Top 10 Reasons Why Shoppers Leave Your eCommerce Website
Customers today expect fast results when coming to an eCommerce page. Without a positive browsing experience, keeping visitors on your website can be difficult. If your web applications are not appealing or engaging, then it’s likely will shop somewhere else. It is important to understand why users are deciding to leave your website.
Why Shoppers Leave Your eCommerce Website
1) Slow Page Load Times
The most common reason users leave a web page is that the pages take too long to load. Today web performance must be top-notch, in the range of four seconds or less, in order to meet user expectations. Unfortunately, the average display time for an eCommerce website remains around seven seconds. There are dozens of techniques to employ for performance, including optimizing images, and sequencing assets.
2) Over-Complicated Checkout
If you overcomplicate your checkout process, there’s an increased risk of abandoned shopping carts. If you’re requesting shoppers to fill out too many forms or perform too many complicated or repetitive actions, the customer will become impatient and abandon their cart. You can avoid this issue by making the process more visual and limiting the number of steps it takes to complete the checkout process.
3) Confusing Page Navigation
Simplicity is bliss. If a user finds your application too confusing to navigate you can kiss them goodbye. According to Joshua Adams of Rock Paper Simple, a web design, and development agency, “If you have to sit down and show your prospect how to navigate your site, you are doing it wrong! It should be easy and fast to navigate your site. Don’t let a confusing navigation ruin an otherwise great website.” While there’s something to be said for originality, there’s an even more compelling argument for giving users an experience that feels familiar and easy to use.
4) Poor Mobile Experience
Today’s online shopper is mobile-first. Brands that have made their web content mobile-friendly will rank higher on search engines and convert more browsers into buyers. than those that have not optimized for mobile. A mobile optimization is no longer an option; it is a part of life. Custora, among others, has found that one-third of all eCommerce purchases are now made on a smartphone. Use the best practices in our latest ebook to cater to mobile users and make your shopping experience mobile-friendly.
5) Lack of Customer Reviews
Online customers want to see what people are saying about your product or services. By not incorporating a customer review element on your application, you lose an opportunity for outside credibility and may appear to be hiding something. Using a customer review section will show that your organization is transparent and trustworthy and your products are legitimate. There are plenty of third party applications that provide this functionality, from written reviews to star ratings.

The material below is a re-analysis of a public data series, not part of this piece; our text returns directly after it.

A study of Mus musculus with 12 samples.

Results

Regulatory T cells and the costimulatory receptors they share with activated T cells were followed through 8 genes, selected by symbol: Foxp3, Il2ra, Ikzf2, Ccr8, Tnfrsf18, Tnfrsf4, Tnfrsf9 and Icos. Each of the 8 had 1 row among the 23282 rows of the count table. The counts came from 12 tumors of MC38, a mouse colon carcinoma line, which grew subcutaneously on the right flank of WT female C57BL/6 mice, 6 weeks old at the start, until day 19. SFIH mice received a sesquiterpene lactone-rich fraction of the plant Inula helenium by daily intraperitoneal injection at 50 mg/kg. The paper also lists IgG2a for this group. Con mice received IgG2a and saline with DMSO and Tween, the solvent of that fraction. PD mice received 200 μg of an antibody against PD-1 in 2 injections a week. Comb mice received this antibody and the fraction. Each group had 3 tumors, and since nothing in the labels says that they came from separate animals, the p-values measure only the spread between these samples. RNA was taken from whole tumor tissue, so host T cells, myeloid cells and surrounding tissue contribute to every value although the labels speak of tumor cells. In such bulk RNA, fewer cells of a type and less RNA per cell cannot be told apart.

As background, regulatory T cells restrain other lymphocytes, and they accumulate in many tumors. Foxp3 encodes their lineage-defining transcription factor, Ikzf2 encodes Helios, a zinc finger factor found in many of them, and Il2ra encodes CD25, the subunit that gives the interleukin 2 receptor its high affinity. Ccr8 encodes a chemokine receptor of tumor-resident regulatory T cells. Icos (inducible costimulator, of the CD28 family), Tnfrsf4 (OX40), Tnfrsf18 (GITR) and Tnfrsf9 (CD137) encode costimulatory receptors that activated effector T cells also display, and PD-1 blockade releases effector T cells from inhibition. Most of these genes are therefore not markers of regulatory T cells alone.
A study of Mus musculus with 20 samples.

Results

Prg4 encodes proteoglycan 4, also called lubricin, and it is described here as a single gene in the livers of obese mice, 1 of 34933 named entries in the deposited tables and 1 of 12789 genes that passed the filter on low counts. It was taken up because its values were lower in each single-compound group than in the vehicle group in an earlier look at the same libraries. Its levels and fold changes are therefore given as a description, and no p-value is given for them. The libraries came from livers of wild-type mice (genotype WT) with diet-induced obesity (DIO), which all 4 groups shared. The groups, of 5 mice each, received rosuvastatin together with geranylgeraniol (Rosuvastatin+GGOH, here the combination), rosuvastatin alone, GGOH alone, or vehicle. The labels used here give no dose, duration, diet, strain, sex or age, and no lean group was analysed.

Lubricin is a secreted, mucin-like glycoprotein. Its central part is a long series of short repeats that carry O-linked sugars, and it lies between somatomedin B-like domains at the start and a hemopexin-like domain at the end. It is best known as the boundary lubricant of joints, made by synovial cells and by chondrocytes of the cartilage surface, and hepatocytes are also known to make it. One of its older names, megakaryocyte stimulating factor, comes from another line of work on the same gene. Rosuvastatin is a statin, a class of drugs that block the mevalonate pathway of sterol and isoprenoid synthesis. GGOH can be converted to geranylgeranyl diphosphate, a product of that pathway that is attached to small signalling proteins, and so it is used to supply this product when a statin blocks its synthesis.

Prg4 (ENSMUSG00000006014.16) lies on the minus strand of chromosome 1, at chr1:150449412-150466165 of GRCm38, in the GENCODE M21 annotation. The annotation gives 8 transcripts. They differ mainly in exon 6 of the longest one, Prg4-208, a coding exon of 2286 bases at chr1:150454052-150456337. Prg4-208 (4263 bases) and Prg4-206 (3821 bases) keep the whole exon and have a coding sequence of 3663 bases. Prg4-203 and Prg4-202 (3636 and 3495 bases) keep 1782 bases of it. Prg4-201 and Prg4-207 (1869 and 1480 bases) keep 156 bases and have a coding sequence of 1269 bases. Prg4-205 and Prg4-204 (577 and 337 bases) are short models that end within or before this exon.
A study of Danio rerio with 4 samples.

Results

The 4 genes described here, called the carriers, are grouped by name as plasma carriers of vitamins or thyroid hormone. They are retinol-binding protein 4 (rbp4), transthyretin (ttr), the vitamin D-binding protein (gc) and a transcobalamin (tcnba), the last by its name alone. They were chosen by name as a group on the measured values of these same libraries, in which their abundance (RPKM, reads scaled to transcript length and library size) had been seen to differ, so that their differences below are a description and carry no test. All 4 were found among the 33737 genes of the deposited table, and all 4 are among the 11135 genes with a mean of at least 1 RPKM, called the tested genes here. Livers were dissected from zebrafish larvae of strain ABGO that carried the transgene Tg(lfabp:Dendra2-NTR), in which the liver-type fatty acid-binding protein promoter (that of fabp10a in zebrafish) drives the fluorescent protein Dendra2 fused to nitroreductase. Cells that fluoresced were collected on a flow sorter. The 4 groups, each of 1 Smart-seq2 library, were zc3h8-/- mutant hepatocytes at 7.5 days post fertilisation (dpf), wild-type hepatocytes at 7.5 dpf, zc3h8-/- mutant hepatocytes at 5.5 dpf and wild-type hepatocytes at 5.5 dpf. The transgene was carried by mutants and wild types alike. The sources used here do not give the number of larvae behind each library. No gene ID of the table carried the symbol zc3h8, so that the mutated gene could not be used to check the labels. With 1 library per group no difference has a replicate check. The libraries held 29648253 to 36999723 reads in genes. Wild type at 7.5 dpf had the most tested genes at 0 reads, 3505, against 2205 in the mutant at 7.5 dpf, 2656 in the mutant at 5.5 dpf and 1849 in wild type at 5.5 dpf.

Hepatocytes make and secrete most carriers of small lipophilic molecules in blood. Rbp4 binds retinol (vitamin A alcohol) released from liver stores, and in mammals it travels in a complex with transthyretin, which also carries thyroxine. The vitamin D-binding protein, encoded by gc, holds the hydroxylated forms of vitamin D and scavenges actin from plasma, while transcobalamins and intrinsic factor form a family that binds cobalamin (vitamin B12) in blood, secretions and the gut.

6) Stale and Outdated Content
Constantly updating your web application’s content is a good way to keep customers coming back for more. Leaving your older, stale content on your application will take away the legitimacy of your page, and can result in lower rankings on search engines. You want to show your visitors (and Google) that you are there for them with new and exciting information.
7) Audience Misalignment
In order to deliver fresh content that people want to see you must do customer research. It is hard to give your customers what they want if you don’t know what they want. There’s a phenomenon known to designers and developers as HiPPO — short for Highest Paid Person’s Opinion. When this is the driving force behind development it leads to assumptions about users that are often off-base since user behavior can be counter-intuitive. To counteract the HiPPO effect, any decisions you make, whether it is a design idea or content idea, must be based on research — whether its through analyzing the behavior of users on your current site, surveys, or A/B testing.
8) Lackluster Imagery
When you’re selling online, the imagery on your site really matters. The shopper can’t touch or try-on the products as they would in-store. So your imagery has to work hard to deliver on the same experience. Carousels of high-resolution product images with zoom-in functionality can help convince a shopper to load up their cart with your products. And these images need to be optimized for the mobile shopping experience, too.
9) Misguided Redirects
A critical element of the online shopping experience is browsing the way you want to browse. Redirects to pages that move a user down a path away from what they came to browse or buy will negatively impact conversion. Allow consumers to navigate your web store the way they want, don’t try to force them down a path. If visitors are not enjoying their user experience, they will leave your page before they make it to checkout.
10) Distracting Advertisments
Advertising space is important for your brand to expand shopper awareness of different products and offerings. But much like redirects, it’s important these ads don’t take away from the shopping experience. Disruptive, distracting ads might unintentionally divert someone away from the path to purchase they were on. Leverage subtle ways to advertise additional products, like “similar products” modules or discount available at certain spending thresholds.